Intel kills much-hyped QuickWeb

Intel's QuickWeb technology was billed as the cure for the World Wide Wait, but this 'vaportechnology' was this week unceremoniously killed by the big chip maker. Intel confirmed it is discontinuing QuickWeb, a server-based Web caching and image compression product designed to speed up Web browsing. QuickWeb was advertised as offering a 100% speed-up in Web page loads, but some beta testers reported the boost was more like 20%, and that came at the expense of graphics quality.

Intel's QuickWeb technology was billed as the cure for the World Wide Wait, but this "vaportechnology" was this week unceremoniously killed by the big chip maker.

Intel confirmed it is discontinuing QuickWeb, a server-based Web caching and image compression product designed to speed up Web browsing. Intel spokesperson Linda Bonniksen said the company informed its Internet service provider (ISP) partners about the decision earlier this month. But Intel was tight-lipped about the reasons for killing QuickWeb, which was announced last October. "It did not grow as quickly as we thought it would need to for long-term success," explained Bonniksen.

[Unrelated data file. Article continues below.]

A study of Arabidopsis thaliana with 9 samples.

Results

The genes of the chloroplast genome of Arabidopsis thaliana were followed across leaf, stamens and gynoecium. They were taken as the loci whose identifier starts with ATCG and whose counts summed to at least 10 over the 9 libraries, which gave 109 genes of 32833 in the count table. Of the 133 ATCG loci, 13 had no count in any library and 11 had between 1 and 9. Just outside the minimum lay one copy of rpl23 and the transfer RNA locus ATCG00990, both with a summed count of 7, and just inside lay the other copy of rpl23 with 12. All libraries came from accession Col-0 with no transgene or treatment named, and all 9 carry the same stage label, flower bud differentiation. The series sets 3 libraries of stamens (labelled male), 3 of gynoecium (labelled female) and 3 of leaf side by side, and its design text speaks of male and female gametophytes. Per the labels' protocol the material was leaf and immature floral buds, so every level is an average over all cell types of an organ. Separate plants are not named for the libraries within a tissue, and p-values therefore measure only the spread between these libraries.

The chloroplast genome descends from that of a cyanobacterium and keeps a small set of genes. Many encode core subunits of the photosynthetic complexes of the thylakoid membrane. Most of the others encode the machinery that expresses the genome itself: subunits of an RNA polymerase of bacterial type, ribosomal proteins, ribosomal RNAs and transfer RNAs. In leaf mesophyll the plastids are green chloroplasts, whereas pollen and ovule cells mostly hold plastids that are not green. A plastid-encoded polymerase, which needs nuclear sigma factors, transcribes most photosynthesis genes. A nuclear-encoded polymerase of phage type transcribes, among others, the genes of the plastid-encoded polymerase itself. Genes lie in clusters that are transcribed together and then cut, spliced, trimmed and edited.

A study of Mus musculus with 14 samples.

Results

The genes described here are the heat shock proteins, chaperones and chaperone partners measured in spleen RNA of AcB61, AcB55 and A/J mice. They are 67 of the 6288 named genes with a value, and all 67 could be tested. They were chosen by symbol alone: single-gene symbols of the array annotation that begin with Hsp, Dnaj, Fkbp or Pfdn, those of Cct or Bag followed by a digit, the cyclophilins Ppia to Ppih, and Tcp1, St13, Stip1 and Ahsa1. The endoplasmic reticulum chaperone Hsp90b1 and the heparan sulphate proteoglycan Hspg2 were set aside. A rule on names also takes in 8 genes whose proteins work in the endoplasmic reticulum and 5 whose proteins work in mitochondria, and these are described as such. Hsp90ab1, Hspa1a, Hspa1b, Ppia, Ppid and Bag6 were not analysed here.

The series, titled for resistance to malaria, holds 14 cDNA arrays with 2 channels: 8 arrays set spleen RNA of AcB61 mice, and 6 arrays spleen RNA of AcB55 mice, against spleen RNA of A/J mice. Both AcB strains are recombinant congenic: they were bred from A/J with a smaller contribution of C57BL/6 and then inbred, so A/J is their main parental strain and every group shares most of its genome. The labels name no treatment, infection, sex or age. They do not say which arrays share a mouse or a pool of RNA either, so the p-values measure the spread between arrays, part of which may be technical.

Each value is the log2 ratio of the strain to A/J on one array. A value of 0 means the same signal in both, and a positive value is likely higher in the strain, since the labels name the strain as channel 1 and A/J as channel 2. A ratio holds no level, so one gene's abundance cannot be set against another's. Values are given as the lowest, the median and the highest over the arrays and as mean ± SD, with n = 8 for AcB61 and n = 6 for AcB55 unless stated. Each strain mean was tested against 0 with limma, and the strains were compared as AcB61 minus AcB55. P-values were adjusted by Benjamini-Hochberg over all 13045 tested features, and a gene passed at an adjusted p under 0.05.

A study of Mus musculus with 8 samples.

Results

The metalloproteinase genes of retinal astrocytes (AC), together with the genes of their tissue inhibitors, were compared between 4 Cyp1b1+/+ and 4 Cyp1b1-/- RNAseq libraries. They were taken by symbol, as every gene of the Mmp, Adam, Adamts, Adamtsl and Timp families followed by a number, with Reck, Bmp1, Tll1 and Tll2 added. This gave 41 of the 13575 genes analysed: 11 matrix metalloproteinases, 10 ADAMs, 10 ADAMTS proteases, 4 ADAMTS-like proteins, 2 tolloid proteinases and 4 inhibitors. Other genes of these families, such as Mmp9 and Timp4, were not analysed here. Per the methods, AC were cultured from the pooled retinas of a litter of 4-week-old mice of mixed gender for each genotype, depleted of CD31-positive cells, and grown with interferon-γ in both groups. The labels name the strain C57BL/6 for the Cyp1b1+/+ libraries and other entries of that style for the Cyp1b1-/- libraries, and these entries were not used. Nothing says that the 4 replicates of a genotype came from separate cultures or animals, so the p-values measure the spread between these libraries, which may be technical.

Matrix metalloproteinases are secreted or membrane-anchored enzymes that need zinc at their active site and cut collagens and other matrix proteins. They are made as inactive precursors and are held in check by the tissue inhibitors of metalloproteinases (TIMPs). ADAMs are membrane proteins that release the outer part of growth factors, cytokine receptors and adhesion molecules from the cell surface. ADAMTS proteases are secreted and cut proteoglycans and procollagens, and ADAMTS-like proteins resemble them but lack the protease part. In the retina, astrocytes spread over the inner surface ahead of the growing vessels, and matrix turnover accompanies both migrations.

QuickWeb was advertised as offering a 100 percent speed-up in Web page loads, but some beta testers reported the boost was more like 20 percent, and that came at the expense of graphics quality.

Bonniksen said that Intel partners Erols Internet, GlobalCenter, and Netcom, had signed up about 2,300 QuickWeb subscribers. Intel said subscribers should contact their ISPs for refunds and other information about the discontinued service.